A logical question, right? After all, Bill Clinton presided over a balanced budget and cut the rate of the growth of government. (Note: Cutting the rate of growth is still not shrinking the government.)
Clinton was more than willing to roll with the question, that’s for sure, responding with this:
“I thought I should have been their favorite politician.” …
“I think because I didn’t do it according to the ideology,” he added. “I raised taxes and cut spending. I did it with a mix of policies that also left us money to invest in our future and in our quality of life. I think that’s really important. There are some things that the government has to do because the private sector does not have the capacity to advance the public interest in that way.”
Yes, that’s it. Tea Partiers have failed to give Clinton his due because he took a — cue one of Obama’s favorite phrases — balanced approach.
Or, could it be that Clinton’s fiscal responsibility was forced upon him by, say, a Republican Congress? That’s the position taken by … Wolf Blitzer.
On CNN Thursday, Blitzer challenged both Stengel’s question and Clinton’s answer:
“What he didn’t say to you is that at the time, when he balanced the budget and saw surpluses, he did it in part because of enormous pressure he was under from the Republican majority in Congress,” Blitzer noted on Thursday’s The Situation Room. Stengel did acknowledge that fact.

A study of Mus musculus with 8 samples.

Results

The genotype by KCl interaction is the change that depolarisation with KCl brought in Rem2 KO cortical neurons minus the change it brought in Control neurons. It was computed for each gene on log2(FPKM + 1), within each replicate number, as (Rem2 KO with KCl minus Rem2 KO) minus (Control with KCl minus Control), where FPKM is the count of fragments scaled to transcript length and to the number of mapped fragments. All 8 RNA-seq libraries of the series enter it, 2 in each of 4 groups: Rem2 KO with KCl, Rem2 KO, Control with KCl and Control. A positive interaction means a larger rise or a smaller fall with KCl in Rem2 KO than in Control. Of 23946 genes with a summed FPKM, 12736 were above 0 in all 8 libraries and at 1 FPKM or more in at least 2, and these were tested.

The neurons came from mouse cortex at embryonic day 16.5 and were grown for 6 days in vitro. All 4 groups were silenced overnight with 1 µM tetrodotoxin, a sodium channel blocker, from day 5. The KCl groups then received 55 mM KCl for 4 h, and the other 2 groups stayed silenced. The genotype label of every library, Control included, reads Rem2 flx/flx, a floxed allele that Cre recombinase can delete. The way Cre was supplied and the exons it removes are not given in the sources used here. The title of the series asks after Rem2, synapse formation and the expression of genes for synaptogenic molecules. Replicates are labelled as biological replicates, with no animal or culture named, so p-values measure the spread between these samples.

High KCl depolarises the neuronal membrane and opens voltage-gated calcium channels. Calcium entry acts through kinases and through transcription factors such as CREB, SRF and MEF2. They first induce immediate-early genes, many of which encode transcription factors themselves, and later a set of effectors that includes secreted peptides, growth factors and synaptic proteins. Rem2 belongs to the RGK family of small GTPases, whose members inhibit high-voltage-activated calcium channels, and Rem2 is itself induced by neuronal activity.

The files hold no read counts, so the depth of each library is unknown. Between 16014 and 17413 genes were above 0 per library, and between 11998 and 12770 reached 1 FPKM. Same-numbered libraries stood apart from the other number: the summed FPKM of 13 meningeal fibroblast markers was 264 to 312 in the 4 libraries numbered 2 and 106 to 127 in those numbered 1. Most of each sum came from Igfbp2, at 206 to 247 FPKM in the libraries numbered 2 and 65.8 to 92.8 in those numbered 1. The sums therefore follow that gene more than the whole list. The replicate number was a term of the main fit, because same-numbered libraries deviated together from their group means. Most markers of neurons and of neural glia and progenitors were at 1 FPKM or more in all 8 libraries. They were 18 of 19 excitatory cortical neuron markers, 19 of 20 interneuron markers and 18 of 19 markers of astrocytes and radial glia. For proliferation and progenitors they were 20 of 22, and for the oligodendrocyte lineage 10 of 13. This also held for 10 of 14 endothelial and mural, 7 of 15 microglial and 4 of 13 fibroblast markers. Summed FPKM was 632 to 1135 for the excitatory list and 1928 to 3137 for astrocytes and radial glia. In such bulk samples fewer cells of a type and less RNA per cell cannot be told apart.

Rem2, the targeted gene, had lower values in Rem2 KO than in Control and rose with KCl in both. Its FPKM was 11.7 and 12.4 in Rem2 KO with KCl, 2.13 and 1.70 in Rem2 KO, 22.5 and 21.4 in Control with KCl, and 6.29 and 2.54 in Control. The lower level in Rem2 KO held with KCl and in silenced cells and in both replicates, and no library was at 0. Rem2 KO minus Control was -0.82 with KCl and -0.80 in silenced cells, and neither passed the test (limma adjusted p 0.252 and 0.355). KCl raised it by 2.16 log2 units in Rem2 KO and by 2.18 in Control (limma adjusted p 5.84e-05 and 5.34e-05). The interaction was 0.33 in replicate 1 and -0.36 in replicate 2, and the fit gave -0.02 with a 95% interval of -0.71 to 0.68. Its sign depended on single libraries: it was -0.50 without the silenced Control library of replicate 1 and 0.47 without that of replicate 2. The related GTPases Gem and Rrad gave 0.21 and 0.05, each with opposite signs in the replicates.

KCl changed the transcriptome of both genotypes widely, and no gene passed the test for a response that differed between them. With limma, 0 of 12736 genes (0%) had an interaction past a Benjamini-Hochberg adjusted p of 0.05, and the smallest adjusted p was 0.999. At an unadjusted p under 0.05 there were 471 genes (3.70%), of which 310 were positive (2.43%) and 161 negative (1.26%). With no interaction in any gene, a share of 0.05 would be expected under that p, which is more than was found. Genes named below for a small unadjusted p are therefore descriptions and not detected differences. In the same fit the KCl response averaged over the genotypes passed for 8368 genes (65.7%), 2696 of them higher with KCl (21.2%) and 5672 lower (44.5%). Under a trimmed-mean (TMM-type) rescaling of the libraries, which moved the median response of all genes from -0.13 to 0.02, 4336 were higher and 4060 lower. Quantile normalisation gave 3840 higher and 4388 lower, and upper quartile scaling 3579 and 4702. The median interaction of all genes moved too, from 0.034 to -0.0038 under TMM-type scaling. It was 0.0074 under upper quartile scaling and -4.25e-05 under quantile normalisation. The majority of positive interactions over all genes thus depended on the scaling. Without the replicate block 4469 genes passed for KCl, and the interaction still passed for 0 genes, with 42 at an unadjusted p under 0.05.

Good to see Mr. Blitzer setting the record straight.
Incidentally, this also serves as a powerful reminder of the importance of Congress. If the GOP is ultimately saddled with a RINO nominee, but wins the White House — and conservatives take back the Senate and retain the House — important reforms, from Obamacare repeal to regulatory rollback, will still be signed into law. Similarly, if Obama is reelected, but conservatives win Congress, he’ll be unable to inflict much damage. The presidential election might be the most exciting to follow — and presidents might ultimately bear blame and receive credit for whatever happens during their administrations — but the machinations of Congress often matter most.